In 2014 baseball returned to Montreal for the first time since the beloved Expos became the Washington Nationals, and while it was only exhibition games played in Olympic Stadium, hordes of fans came out to see the baseball’s return to Montreal. The turnout and excitement that the Montreal baseball fans showed convinced Major League Baseball to hold exhibition games in Olympic Stadium in 2015 and 2016 as well. Each year the Montreal fans do not disappoint and pack the stadium, excited to seize their sole opportunity at seeing live baseball in Montreal.
Those same fans may not only have one chance anymore, though, as the consistent turnout and excitement generated has stirred thoughts among those in the commissioner’s office of a possible team returning full-time to Montreal. The idea has been pushed by the people of Montreal, including mayor Denis Coderre, and there is reportedly a team of buyers willing to purchase a team to bring baseball back to Montreal. But of course, you can’t just spring up a baseball team, and effective major leaguers don’t just grow out of the ground. That’s why MLB has an expansion draft.
Let’s say for a moment that the Tampa Bay Rays and Oakland A’s both resolve their stadium situations and stay put. Well then, if a team were really to move back to Montreal it would have to be an expansion team, which would lead to the first expansion draft in nearly 20 years. What is an expansion draft and how does it wok? Let’s discuss.
The Rules: As mentioned above, an expansion team would have to somehow acquire the necessary talent to fill the roster. That’s where the expansion draft comes in. Each of the thirty teams would have to enter their players on the 40-man roster as eligible to be “drafted” by the new team, in this case the Expos 2.0. But worry not Angels, Nationals, and Dodgers fans, you wouldn’t lose Mike Trout, or Bryce Harper, or Clayton Kershaw, as every team can submit a list of up to 15 players who are protected from the drafting team(s). Also protected are players with less than 3 years of service if signed at 19 or older, players with less than 4 years of service if signed at 18 or younger, and players drafted in either of the last two amateur drafts. Players with 10-and-5 rights must be included on their team’s protected list, as must players with no-trade clauses (sorry Reds, I guess you’re stuck with Brandon Phillips again.)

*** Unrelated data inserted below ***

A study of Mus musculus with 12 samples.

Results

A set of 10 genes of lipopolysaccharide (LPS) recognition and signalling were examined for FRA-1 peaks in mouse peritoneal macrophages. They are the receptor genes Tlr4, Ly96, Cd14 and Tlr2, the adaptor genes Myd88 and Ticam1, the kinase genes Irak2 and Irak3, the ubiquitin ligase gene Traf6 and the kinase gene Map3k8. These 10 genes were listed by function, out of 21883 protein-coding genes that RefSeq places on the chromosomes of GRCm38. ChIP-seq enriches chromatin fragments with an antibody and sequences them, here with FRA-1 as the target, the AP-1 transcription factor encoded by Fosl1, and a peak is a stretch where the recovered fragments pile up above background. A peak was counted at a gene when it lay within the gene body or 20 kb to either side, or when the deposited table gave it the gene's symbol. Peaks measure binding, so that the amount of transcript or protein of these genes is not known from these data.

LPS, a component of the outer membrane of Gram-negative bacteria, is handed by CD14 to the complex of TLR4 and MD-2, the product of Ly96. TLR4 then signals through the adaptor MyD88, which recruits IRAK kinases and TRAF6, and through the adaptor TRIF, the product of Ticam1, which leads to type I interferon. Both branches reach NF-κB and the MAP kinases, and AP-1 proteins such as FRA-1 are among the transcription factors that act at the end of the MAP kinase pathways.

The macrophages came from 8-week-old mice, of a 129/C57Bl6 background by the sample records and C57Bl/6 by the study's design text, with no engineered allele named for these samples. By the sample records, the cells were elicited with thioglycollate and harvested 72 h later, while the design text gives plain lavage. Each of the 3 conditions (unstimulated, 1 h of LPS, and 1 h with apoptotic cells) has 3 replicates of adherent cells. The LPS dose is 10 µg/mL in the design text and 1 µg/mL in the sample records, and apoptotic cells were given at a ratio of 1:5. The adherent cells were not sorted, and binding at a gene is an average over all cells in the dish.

Now, as for the actual draft: There are three rounds, with 15 picks in each of the first two rounds and five picks in the third. That would give the new Expos a grand total of 35 players. It does get harder to get better players as the rounds proceed, however, every team can choose an additional three players to protect after each round.
So let’s get to it, starting with the players protected by their teams. For the sake of everyone’s sanity, we will limit those eligible for drafting and protection to the 40-man rosters and no-brainers like Carson Fulmer or A.J. Reed.